Source Article published on September 26, 2023
Discover the latest updates on Basic Food Items Price in Mauritius as of September 26, 2023. While milk prices remain unchanged, there’s good news with lower table oil prices. However, we’ll delve into the challenges of rice and bean shortages, along with potential price increases in the coming weeks and months, impacting basic food items price in Mauritius.”
Rice: Shortage in Some Stores
Apart from the rice that is rationed, there is a small shortage of other types of rice in the market. “We are not getting as much rice as usual,” says Uttam Sumaroo, the Secretary-General of Masters Express. Anand Ajoodha, the director of Funny Traders Co. Ltd, agrees. He explains that there is a delay in shipments because of problems with transferring goods between ships. This is because we only have two shipping companies, MSC and Maersk, serving us. Shipments that should have arrived last week are still on their way, causing a shortage. However, things should go back to normal by the end of the month. Anand Ajoodha says, “The ships will arrive around September 29/30 or even on October 1st and 2nd.” In other big stores, the main problem is the shortage of rationed rice. “The shortage of rationed rice is ongoing. In the best cases, we receive only 5% of the
rice exports, to make sure they have enough for their own people),” he says. Girish Purmanund, Managing Director of Kalité Distribution Ltd, agrees. “With the restrictions in India and the changing climate affecting crops more and more, the prices of all types of rice should start going up by the end of September or early October. We should be ready for at least a 10% increase,” he says. Uttam Sumaroo adds that several suppliers have already said they will increase rice prices a little in the coming months.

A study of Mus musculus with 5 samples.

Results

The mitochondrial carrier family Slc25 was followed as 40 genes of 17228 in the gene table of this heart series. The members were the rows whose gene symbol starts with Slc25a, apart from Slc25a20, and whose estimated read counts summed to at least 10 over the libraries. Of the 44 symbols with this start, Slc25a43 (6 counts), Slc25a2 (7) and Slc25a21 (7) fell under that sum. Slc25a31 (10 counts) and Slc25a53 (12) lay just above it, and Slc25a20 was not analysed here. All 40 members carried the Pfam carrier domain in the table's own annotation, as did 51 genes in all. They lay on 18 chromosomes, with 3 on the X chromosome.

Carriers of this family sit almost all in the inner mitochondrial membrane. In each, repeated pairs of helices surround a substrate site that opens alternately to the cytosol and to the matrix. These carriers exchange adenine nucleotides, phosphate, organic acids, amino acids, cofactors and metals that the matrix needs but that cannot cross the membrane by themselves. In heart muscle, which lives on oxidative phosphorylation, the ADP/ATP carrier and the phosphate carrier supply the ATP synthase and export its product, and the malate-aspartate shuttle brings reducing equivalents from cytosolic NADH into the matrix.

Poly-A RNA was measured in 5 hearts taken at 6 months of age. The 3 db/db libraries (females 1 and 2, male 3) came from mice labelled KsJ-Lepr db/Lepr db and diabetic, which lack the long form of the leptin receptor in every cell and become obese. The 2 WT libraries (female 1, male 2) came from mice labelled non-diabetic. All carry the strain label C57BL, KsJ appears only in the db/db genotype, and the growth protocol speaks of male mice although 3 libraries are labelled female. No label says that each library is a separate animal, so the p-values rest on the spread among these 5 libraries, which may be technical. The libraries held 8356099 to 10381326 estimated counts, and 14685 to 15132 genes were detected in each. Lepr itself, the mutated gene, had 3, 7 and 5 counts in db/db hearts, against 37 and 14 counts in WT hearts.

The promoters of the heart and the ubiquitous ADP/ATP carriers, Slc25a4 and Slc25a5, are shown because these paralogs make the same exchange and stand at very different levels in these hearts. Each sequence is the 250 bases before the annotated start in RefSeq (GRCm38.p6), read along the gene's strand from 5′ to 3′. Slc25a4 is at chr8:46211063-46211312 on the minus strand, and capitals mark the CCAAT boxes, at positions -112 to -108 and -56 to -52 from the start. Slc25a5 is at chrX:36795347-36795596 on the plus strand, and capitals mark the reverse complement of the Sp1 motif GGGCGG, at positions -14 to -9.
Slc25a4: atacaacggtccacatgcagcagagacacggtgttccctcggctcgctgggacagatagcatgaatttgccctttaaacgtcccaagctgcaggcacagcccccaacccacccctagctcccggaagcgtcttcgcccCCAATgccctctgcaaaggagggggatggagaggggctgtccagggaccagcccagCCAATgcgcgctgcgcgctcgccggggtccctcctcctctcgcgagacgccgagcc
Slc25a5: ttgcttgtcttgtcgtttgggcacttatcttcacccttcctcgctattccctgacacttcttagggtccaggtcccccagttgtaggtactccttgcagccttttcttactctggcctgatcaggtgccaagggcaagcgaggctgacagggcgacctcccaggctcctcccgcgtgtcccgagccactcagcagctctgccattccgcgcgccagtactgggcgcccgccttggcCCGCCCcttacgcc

Beans and Lentils: A 10% to 15% Increase Possible
Beans and lentils have become cheaper in recent months, according to Mohammad Iqbal Hoosseny. For example, large peas, red beans, and small pea lentils have all dropped by 15% because it costs less to ship them. “The new crop will be ready in November and December. Prices will likely go up, especially because climate change is affecting crops. It’s possible prices will increase before the end of the year,” says Jayen Veerapen, the director of J.M.Veerapen.
Mohammad Iqbal Hoosseny says the prices of black lentils might go up by 10% because prices are higher worldwide. Girish Purmanund says gram lentils and small pea lentils from Australia will cost 15% more by late October or early November.
orders. For other types of rice, we get the quantity we need,” explains Assad Peerbux, the Manager at Intermart in Beau-Bassin.
A Price Increase is Possible
While some importers believe that rice prices will stay the same for now, others think prices might go up. Mohammad Iqbal Hoosseny, the director of East Grocery (Best Foods Entreprise), says he’s watching the situation closely. “We might see a small price increase depending on what’s happening in India (Editor’s note: On July 21st, India decided to stop exporting non-basmati white rice, which is about a quarter of their usual
Milk Stays the Same
In stores, milk prices remain steady, and there are no problems with supply.
Between Rs 225 and Rs 261 per kilogram
Oil: Prices Go Down
Oil prices recently went down by about Rs 5 to Rs 6 for some brands. “There’s a lot of competition for this product,” says Uttam Sumaroo. Assad Peerbux adds that the cheapest oil now costs Rs 68.95, compared to about Rs 80 a month and a half ago.
Between Rs 69 and Rs 79 per liter
Fresh Chicken and Fish: More Expensive
Fresh chicken recently became Rs 6 more expensive per kilogram. We should expect another increase before the end of the year, especially because some materials cost more, warns Imran Nauzeer, a chicken seller at the Curepipe market. As for fresh fish, it now costs Rs 10 to Rs 15 more per kilogram, impacting basic food items price in Mauritius. “We’re missing big fish like tuna and swordfish on the market. This should make prices go up.”